Great question. I'm glad to hear you're keeping the whole family in mind as you contemplate new flooring options for your kitchen and breakfast room (both the two- and four-legged ones!). After doing some research, I stumbled on luxuryhousingtrends.com that offers some smart points about kitchen flooring options. Hope my Cliffs Notes version helps you out!
HARDWOOD: It may be stunning underfoot, but have you watched a dog run into room with hardwood flooring? All that slipping and sliding cannot be comfortable, nor can the claws be good on it, either. Hardwood and other similar surfaces are best saved for the day when your home isn't facing wear and tear that comes with three children and a dog. If, however, you're willing to take the risk, be sure it's protected with a hard urethane finish. Most planks come prefinished and can stand up to claws, but the floors will require more maintenance and refinishing sooner than they would if your house were pet- and kiddo-free.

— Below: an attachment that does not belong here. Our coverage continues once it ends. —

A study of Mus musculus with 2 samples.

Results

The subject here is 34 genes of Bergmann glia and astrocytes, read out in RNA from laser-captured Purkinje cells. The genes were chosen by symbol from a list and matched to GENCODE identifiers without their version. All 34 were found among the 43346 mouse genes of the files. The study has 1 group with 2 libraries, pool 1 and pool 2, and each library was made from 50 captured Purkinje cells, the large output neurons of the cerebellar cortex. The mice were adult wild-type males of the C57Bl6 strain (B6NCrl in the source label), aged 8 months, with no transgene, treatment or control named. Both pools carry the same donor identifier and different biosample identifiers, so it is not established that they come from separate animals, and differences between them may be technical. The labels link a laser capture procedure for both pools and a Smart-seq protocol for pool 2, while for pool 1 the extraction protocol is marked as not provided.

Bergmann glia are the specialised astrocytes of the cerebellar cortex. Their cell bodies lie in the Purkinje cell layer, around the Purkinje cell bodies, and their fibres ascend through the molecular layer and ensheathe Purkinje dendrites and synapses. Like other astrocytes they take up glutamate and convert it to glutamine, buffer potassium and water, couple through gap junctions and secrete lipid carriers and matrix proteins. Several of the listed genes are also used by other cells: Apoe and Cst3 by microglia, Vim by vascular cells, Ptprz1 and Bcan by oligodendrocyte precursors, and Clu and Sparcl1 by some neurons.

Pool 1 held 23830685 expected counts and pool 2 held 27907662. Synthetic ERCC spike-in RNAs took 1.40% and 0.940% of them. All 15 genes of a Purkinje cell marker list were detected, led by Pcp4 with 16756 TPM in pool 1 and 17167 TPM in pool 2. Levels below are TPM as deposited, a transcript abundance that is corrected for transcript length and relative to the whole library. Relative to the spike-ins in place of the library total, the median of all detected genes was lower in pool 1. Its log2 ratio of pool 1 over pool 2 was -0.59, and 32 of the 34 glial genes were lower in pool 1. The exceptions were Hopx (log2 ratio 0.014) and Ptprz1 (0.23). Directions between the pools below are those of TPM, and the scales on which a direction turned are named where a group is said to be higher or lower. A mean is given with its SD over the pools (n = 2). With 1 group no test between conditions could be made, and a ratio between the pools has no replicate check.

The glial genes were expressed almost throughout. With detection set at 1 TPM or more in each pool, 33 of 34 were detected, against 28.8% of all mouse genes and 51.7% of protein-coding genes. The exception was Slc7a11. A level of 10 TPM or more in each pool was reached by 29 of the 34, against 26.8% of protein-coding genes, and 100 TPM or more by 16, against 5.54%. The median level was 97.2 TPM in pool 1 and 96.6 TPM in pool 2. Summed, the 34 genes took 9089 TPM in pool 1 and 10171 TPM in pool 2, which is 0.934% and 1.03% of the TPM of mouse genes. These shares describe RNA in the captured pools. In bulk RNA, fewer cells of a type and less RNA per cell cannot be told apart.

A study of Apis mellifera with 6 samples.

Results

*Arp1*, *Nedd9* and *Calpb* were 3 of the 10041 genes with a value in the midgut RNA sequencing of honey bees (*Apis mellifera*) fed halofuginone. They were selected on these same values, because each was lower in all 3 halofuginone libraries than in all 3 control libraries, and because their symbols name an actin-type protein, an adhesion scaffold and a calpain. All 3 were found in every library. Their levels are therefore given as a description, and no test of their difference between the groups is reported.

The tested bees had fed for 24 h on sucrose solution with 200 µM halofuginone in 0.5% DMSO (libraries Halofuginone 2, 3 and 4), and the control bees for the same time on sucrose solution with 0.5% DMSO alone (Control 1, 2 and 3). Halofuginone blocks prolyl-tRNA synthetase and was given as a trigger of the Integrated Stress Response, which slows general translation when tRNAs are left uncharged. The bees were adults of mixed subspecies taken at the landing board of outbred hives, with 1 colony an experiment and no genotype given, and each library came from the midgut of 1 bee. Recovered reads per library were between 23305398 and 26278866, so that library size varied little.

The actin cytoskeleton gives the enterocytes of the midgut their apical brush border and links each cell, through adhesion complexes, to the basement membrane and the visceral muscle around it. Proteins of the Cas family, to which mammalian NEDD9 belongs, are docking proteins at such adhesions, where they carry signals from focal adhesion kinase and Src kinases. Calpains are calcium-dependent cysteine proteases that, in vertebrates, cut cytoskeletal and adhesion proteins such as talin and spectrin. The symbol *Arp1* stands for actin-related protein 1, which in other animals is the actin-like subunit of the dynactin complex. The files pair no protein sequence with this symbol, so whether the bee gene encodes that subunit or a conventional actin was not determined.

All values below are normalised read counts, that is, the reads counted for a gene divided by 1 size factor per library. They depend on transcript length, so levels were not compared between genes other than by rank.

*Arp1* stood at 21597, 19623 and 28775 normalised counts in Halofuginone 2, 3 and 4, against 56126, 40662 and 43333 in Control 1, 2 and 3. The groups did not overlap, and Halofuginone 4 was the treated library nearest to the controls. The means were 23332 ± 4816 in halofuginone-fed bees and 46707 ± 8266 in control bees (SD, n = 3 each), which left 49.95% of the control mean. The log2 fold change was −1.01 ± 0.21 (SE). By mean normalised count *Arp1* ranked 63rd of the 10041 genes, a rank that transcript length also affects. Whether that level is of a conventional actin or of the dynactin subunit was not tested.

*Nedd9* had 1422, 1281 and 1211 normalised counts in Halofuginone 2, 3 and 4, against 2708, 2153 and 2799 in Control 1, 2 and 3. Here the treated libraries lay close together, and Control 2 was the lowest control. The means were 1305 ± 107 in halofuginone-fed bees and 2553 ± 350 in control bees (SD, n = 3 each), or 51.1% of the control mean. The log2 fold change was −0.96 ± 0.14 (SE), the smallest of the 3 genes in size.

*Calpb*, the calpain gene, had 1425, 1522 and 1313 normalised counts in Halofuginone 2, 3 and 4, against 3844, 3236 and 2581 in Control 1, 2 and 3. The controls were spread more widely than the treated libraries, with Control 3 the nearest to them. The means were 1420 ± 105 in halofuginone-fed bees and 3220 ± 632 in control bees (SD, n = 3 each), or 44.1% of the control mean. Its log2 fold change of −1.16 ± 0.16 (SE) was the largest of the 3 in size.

CERAMIC STONE/TILE: Practically impervious to claw scratches and potential damage from spillage or other pet-related accidents, glazed tiles clean easily, so they're easy to keep looking good year in and year out. The downside? They're not comfortable for Fido to lie on. If you go with this option, buy a cushy dog bed so he can stay comfortable.
LAMINATE: It may resist scratches well, but it's a very hard surface for our furry friends. Like hardwood, consider putting down some rugs for extra warmth and traction if you opt for laminate. These materials resist scratches well, but they are very hard and slippery for our clawed friends. They also aren't very comfortable to rest upon. If you buy laminates, you should definitely invest in some rugs, but truly, the slippery factor makes laminate one of the worst options for people with pets.
Whatever flooring type you choose, you can minimize problems by keeping your pet's nails trimmed. Also sweep or vacuum the floor weekly, and wipe up any stains or spills promptly. To further protect your floor, choose water bowls with wide bases, or consider a pet placemat to keep the eating area clean.